2012 Honda NC700X | Doin' Time

Staffers' Rides

Wrist: Marc Cook
MSRP (2012): $6999
Miles: 9146
MPG: 57
Mods: Corbin seat

Finally, I resolved to do something about the NC’s narrow, too-steeply sloped seat. At the moment, Corbin is the only company I know of with a bolt-on replacement. Sure, there are companies that will modify your stocker, but Honda expects the 700 back more or less in original shape.

So, Corbin it is. The seat I received is what you see on Corbin's website (www.corbin.com): black leather seating surfaces with white piping. Really handsome. Corbin offers the front seat heated ($493) or not ($347). The rear section is extra ($283, no heating option), but the front part of the Corbin saddle will work with the stock rear.

I’m glad it did, because the initial fit with both Corbin pieces was poor enough that I couldn’t latch the rear seat without great force. Corbin says the pieces will bed in over time, and I’m already seeing that with the Corbin front/stock rear combo. After a few more miles, I’ll try again with the rear saddle. Because the fuel filler is under the rear seat, this is no small inconvenience.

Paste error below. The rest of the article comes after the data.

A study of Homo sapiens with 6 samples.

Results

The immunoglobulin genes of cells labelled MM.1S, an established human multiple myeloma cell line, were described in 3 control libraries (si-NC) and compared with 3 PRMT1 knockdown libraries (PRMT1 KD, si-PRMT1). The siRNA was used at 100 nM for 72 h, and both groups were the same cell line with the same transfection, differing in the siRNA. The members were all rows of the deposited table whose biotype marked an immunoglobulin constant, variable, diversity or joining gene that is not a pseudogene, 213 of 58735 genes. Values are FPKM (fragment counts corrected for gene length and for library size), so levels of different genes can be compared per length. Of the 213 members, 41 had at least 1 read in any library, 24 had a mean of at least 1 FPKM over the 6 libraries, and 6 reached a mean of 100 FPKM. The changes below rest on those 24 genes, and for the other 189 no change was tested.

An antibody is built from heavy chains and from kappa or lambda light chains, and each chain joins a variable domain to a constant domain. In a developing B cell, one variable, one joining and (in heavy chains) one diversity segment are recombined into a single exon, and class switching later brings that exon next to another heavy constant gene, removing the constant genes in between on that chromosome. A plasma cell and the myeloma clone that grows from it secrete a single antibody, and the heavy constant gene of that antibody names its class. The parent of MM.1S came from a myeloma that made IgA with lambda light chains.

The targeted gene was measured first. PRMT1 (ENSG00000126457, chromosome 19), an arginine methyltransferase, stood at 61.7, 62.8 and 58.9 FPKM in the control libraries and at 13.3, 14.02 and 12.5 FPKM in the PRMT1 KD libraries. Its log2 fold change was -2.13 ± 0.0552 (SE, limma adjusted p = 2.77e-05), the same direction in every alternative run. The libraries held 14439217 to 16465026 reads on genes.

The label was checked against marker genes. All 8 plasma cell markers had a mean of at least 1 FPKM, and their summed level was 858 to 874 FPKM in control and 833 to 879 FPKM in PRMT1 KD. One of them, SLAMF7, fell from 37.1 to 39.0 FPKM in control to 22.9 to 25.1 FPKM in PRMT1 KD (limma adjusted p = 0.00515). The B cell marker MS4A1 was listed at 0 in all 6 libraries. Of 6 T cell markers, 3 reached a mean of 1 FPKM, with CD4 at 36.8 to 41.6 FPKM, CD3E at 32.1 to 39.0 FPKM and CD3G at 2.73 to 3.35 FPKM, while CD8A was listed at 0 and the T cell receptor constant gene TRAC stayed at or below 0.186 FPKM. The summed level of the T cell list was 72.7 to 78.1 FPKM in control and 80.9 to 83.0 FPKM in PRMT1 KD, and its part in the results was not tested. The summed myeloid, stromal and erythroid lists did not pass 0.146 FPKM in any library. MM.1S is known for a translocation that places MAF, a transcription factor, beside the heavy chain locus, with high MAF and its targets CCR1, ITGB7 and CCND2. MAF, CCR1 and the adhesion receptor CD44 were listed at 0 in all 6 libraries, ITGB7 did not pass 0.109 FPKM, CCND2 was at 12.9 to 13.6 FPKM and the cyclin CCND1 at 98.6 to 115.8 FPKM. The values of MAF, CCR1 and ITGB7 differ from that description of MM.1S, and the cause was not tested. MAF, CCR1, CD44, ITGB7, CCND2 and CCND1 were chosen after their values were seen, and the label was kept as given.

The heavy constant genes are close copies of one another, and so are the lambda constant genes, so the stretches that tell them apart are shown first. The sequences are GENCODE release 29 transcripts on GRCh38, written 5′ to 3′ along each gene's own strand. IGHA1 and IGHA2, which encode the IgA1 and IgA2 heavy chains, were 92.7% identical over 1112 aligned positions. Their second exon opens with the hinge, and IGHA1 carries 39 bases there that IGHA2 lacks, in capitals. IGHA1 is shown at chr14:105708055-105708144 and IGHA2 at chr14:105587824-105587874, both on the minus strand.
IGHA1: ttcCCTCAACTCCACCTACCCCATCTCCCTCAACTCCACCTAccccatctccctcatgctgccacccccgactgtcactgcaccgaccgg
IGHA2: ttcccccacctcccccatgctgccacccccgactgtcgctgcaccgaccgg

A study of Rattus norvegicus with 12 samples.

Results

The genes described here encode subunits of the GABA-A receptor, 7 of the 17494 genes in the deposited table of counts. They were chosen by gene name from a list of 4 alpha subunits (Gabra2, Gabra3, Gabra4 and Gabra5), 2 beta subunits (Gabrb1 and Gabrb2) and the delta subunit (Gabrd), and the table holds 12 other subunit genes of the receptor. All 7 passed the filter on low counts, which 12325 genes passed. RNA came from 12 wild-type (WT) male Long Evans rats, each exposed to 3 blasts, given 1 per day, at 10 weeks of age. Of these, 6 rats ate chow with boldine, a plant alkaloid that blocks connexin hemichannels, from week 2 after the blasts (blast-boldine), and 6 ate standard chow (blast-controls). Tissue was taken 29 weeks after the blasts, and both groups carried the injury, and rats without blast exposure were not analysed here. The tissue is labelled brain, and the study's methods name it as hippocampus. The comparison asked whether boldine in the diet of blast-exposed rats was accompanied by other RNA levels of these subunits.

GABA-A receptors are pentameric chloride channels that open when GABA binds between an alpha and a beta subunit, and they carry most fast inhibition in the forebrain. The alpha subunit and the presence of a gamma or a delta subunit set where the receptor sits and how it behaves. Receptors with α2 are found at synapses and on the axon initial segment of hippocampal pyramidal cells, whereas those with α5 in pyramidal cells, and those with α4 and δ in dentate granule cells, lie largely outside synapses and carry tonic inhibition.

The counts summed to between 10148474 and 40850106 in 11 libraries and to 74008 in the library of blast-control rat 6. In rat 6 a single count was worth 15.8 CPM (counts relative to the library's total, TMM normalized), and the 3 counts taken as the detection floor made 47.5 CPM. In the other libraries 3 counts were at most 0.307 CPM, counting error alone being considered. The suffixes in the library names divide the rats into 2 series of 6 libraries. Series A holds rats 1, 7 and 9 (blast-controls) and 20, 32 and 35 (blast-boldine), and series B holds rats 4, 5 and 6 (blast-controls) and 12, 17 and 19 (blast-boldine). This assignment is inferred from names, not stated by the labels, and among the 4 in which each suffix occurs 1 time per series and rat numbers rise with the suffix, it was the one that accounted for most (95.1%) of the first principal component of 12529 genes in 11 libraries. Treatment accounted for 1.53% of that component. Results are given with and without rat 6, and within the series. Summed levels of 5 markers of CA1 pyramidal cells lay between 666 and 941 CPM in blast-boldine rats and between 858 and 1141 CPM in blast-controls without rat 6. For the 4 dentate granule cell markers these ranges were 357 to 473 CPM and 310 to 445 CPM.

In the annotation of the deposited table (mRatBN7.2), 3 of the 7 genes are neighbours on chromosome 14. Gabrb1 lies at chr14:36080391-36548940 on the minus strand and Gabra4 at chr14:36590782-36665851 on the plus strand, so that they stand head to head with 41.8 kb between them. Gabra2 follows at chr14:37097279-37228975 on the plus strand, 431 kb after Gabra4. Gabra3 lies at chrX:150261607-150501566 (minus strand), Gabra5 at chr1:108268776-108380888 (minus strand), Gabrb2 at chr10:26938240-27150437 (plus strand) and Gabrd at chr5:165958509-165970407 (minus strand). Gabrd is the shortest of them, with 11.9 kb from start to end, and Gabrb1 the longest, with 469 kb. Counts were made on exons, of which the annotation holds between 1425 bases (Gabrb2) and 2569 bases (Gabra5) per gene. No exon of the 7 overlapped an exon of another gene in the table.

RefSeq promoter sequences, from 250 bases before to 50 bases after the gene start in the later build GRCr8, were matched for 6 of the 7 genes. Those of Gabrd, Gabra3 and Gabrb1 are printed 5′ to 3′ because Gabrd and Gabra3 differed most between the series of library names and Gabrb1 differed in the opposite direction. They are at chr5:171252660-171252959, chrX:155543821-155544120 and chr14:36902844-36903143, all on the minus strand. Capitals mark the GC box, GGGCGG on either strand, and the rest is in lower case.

True to Corbin form, the seat is very, very firm. It is, however, much better shaped than the Honda original. So far, I like it. As for the heating feature, I’ve used it once and found it to be really potent. I’ll need to devise a controller or get used to reaching for the power switch often. I really could have used this seat in December.

Corbin Seat
Corbin Seat
Corbin’s seat needs to take a set before all the pieces fit properly—note the depressed ridge made by the stock passenger saddle. Next comes the Corbin passenger saddle.
Left Fork
At 8500 miles, the NC’s left fork seal has gone; the right’s fine. This, despite never taking the bike off road or jumping anything larger than pedestrians.